Ask your children or grandchildren for a definition of “dissing” and, chances are, the answer you get will include words like rudeness and insults. Ask what the word “respect” means and the reply will probably be vague or abstract and have more to do with love (or fear) than with high regard. They may claim to respect their parents but feel they are old-fashioned and don’t understand how things are for kids these days.
Of course, they will insist they respect authority, and in the next breath tell you how they sneaked out of study hall, went joyriding when they were supposedly at the library, and “snowed” the coach about a missed practice. They’ll stand tall and salute the flag when it passes by in the homecoming parade, then dash off with their friends and their fake ID to buy beer or cigarettes for the unsupervised party that will follow the big game– if they don’t get caught going over the speed limit.
Somehow, respect for the flag doesn’t have anything to do with obeying the laws of the nation, state, or town it represents.
I wonder how many times our reasonably good kids have heard tales told around the dinner table about how Dad or Grandpa got away with something in their youth? Or heard Mom and Aunt Darla giggling over memories of the antics at slumber-parties when they were in high school? How many times have they been in the car when Mom or Dad ran a red light, hit the brake when a patrol car came over the hill, or sipped on a beer during a long, tedious drive? Minor things, agreed, but when our kids see us stretch the rules, they come to believe it’s okay, as long as you don’t get caught. In order to earn respect, I believe we have to be respectable. Our kids figure out that parents and others in authority have feet of clay, we lose our credibility and, thus, the respect we need to be effective.
Respectability, as I see it, has to do with being admirable, trustworthy, consistent and fair. Respect has to do with a belief that the parent (or other authority) is right and should be trusted and obeyed. If you truly respect someone, then you don’t question what they tell you. You take their advice even if you don’t totally understand it. You obey their rules without arguing that yours is a special case. If not, then you are dissing– disrespecting– and that is one of the things that defines bullying.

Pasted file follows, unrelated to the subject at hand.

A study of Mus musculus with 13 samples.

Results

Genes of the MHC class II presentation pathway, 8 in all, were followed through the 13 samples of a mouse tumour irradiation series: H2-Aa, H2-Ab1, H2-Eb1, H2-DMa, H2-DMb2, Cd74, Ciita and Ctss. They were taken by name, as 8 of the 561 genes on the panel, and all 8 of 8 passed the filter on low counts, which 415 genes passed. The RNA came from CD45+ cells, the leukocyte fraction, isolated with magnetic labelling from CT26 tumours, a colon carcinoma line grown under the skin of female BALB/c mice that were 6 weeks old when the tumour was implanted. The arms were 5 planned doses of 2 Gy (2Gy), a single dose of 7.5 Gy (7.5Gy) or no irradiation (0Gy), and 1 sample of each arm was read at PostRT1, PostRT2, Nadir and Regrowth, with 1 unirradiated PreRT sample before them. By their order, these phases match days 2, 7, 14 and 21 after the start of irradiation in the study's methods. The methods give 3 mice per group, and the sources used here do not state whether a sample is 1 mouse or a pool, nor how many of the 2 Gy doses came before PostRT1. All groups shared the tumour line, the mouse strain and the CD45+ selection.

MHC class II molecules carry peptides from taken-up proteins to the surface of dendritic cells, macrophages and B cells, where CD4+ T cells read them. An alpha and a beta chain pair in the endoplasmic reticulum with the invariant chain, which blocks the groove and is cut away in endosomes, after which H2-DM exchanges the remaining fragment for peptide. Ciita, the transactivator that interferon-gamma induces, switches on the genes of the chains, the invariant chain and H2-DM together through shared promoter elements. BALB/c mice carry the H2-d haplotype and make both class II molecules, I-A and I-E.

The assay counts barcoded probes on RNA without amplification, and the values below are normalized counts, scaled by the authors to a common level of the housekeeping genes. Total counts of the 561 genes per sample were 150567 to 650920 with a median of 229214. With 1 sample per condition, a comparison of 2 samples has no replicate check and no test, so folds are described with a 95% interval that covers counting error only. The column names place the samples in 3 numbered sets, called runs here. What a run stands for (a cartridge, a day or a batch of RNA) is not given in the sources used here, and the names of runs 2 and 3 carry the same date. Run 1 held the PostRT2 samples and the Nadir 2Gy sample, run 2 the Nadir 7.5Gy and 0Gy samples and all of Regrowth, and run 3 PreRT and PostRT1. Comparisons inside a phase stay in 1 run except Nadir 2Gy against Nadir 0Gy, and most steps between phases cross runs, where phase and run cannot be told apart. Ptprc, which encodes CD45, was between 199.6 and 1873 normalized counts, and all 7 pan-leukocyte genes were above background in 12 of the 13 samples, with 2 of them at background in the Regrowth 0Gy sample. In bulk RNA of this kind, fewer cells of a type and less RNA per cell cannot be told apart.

In order to support feelings of his own superiority, the bully has to make his victim feel inferior, and the most efficient road to that end is to treat him with disrespect, and to convince his cohorts that they, too, are superior. This is why most bullies tend to do their damage when they have witnesses. Another way to achieve that reputation of superiority, is to avoid actual confrontation and deliver the insults by other means such as graffiti, computer, anonymous notes or phone calls. Unfortunately, the Internet and cell phones make it fairly easy for the bully to escape detection. Equally unfortunate is the fact that, once an ugly rumor or insulting message is out there in cyberspace, it can reach many more than just a handful of witnesses, and it makes little difference if it is founded in fact or not.
You hear a lot these days about schools setting out to teach respect. They’re worried about students who do everything from sassing the teachers to bringing guns to school. They’re worried about bullying and lack of good sportsmanship. They wonder if competitiveness, as fostered by sports, playground activities, contests, awards and gold stars may be responsible for violence, prejudice and the “me first” attitude of so many students.
It seems to me that, without competition, we’d never have any improvements in the human race. School sports were designed, at least initially, to teach students to strive for success, to work with others for a common goal, and to feel good about themselves. We must guard against losing sight of that goal, for how can we achieve those things without the competition inherent in organized sports? Why would we have programs for those gifted and talented students who are academically superior and deny similar opportunities for those whose talents are mainly athletic?
We owe it to the future of the human race, to make all our children feel good about themselves– not by comparing them to other children, but by celebrating their individual accomplishments and growth. As self-worth and self-respect grow, the need to bully others diminishes.